Benton MacKaye's belief in the restorative value to time on a woodland path was a popular idea in early 20th century America, at least among middle and upper class citizens who had the leisure time to go for a tramp in the forest.
The ability to cope with nature directly--unshielded by the weakening wall of civilization--is one of the admitted needs of modern times. (Benton MacKaye, 1921)
Throughout the first decades of the 20th century, hiking clubs proliferated across America, attracting men and women who saw nature walking, and later back country hiking, as a way to improve their health, deepen their spiritual values, contribute to a growing ethos of conservation, or just as a way to get away from the stresses of urban life for a few hours or a few days. As the historian Silas Chamberlin points out in his history of American hiking, by 1939, "club-based hiking culture had become a national phenomenon."
These early hiking clubs tended to emphasize organized day hikes, and sometimes overnight hikes, in mountain locations that were easily accessible to members by train and later on by automobile or bus. Camping was sometimes a part of these hikes, but more often they were organized around mountain lodges and hotels that allowed club members to either take day hikes out and back, or longer hikes from one lodge to the next.
By the turn of the 20th century, however, these clubs began to create more long distance hiking opportunities for their members. The Appalachian Mountain Club, founded in 1876, already maintained an extensive network of trails and trailside shelters by 1900. Members of Vermont's Green Mountain Club had begun work on the 273-mile Long Trail in 1910, and MacKaye's ideas about the future Appalachian Trail were strongly influenced by what he knew of the work of these two New England hiking clubs.
While the existing trail networks of the New England and mid-Atlantic hiking clubs became the backbone of the Appalachian Trail north of the Potomac River, south of the Potomac discussions among trail advocates and members of local hiking clubs, most of whom relied on less formal trails for their activities, led to the founding of a number of new organizations that were dedicated, at least in part, to helping to build the proposed Appalachian Trail. In this way, the Appalachian Trail project helped to expand the culture of club-based hiking to areas of the South where such activities were less common. The first of these new clubs, the Potomac Appalachian Trail Club based in Washington, D.C. (1927), became the model for other Appalachian Trail building clubs in the South.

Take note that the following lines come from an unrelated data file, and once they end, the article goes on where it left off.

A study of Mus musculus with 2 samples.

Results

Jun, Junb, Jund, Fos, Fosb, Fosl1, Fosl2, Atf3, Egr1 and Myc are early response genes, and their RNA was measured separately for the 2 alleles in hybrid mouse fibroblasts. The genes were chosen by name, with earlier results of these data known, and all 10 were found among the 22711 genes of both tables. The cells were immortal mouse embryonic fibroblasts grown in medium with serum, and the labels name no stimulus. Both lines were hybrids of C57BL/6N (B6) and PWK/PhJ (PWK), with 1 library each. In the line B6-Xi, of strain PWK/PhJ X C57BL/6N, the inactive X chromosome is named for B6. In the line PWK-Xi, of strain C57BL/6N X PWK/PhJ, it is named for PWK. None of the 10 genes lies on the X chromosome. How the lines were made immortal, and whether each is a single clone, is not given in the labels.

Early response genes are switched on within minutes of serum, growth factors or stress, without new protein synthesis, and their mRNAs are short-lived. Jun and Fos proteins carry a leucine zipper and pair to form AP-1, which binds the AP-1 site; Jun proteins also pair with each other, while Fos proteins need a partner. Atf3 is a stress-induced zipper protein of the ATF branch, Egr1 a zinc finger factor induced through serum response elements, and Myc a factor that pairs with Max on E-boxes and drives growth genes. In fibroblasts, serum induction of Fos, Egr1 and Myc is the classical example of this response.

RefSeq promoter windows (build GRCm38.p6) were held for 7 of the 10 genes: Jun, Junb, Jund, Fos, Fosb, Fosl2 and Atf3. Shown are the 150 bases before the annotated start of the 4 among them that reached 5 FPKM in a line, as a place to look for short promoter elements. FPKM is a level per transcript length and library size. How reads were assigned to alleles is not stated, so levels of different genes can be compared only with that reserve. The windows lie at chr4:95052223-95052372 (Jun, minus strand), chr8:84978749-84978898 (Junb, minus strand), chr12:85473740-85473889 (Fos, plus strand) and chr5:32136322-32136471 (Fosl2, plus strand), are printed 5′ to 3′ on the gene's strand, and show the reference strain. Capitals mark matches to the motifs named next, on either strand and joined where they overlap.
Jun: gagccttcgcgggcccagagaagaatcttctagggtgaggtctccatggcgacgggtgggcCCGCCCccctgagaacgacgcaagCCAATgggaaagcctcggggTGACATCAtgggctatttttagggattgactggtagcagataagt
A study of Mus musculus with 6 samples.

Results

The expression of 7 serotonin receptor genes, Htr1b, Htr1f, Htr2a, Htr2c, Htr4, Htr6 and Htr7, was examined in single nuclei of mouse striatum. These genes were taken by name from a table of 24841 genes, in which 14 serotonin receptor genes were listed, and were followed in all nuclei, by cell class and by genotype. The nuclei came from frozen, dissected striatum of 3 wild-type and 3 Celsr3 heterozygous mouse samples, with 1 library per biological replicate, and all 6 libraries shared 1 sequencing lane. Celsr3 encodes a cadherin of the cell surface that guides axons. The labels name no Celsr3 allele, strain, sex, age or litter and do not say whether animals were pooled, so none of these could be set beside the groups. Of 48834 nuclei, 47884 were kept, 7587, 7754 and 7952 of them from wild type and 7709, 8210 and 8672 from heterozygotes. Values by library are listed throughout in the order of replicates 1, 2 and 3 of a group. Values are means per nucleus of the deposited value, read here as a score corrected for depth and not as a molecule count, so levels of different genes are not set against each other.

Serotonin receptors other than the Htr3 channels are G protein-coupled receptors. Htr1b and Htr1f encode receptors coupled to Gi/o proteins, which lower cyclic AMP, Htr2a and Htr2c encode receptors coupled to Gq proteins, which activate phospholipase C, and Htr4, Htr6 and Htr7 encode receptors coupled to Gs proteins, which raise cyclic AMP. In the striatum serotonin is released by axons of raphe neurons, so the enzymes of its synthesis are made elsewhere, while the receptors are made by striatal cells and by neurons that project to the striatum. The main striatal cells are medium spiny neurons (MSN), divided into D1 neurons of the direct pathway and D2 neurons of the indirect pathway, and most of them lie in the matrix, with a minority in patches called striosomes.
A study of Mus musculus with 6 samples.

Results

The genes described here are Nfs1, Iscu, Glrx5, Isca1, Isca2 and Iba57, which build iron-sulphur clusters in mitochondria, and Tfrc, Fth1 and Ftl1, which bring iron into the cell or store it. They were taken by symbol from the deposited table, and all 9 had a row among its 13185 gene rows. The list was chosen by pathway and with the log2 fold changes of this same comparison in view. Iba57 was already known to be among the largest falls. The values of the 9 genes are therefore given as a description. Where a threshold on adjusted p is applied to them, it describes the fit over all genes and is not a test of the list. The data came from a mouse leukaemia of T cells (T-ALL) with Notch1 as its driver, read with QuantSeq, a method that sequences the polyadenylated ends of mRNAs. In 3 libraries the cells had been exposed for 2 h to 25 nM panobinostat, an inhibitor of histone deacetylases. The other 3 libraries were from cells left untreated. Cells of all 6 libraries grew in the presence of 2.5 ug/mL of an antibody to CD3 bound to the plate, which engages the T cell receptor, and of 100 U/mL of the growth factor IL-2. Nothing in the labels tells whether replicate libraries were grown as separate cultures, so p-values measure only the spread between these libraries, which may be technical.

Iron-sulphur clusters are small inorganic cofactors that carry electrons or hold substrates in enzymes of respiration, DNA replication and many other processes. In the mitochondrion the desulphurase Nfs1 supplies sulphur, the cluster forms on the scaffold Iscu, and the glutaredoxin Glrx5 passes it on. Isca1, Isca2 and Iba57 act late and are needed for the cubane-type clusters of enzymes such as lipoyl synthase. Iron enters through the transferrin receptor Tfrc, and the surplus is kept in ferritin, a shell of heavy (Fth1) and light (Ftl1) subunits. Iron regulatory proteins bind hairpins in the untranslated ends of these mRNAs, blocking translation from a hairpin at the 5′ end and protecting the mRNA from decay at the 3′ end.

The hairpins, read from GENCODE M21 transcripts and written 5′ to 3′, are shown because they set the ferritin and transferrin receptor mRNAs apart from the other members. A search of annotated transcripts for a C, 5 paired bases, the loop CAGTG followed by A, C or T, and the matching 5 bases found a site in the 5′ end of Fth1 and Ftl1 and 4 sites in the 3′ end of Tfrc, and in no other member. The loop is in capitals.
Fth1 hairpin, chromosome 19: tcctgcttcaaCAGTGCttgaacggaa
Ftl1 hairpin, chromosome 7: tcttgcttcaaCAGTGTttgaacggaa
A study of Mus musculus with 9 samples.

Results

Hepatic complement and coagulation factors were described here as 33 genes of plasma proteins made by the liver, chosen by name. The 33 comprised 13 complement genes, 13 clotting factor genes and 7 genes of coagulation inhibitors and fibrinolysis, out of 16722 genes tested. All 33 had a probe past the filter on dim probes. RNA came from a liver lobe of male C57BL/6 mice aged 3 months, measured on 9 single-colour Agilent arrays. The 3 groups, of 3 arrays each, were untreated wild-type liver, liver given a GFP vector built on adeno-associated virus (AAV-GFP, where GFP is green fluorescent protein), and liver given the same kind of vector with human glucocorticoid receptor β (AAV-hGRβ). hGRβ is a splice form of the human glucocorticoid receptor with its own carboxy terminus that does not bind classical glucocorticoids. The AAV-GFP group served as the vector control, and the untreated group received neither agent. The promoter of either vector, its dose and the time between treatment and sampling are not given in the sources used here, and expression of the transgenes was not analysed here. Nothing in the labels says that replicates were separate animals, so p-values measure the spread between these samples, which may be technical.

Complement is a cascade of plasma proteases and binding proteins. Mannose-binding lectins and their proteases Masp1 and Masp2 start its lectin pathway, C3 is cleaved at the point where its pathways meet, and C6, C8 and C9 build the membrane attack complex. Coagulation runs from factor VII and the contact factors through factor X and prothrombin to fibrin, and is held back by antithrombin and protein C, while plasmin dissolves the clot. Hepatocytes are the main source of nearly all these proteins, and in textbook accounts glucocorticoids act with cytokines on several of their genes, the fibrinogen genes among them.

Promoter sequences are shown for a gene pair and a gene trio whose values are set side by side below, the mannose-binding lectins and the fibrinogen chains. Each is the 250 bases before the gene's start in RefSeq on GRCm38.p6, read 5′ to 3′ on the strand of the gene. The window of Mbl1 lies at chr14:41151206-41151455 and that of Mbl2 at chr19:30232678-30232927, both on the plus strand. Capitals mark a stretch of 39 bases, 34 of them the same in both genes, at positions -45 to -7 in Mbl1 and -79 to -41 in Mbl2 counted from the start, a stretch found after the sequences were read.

The older clubs in the Northeast were organized around creating shared hiking experiences in nature for their members. By contrast, the new clubs that began to appear after the creation of the Appalachian Trail Conference in 1925, emphasized hiking for the purpose of trail building. Members of these clubs continued to hike, either alone or in groups, but the organizing principle of their clubs until the completion of the Trail in 1937, was to contibute to the great project of building a continuous trail from Georgia to Maine.
Diversity on the Trail
It is important to note that the vast majority of the members of these hiking clubs were white. At the time of the founding of the Appalachian Trail, all of the route south of the Potomac River passed through segregated states and any person of color who decided to hike in the mountains alone or in a group was quite literally placing his or her life in danger. North of the Potomac was not much more hospitable territory for non-white hikers, and so the Appalachian Trail remained a very white place, until at least the 1980s.
Similarly, at least until after the Second World War, the vast majority of hikers on the Appalachian Trail--at least those we know about--were prosperous people who had the leisure time to devote to a day, a few days, or even a few weeks in the woods. Despite MacKaye's desire for the Trail to help working class Americans find time away from the drudgery of their lives in the cities, economic realities meant that most people who took time out for a hike were those who could afford to.
Within these two limiting categories--white and prosperous--the hiking community was at least gender diverse. Photographic archives of the early decades of the Appalachian Trail are filled with female hikers and trail workers, demonstrating that while back country hiking or work may have been a heavily male past time, it was in no way an exclusively male past time. Women led hikes, they organized trail building expeditions, they helped build trail shelters, they were leaders of local trail clubs, and they maintained stretches of the Trail.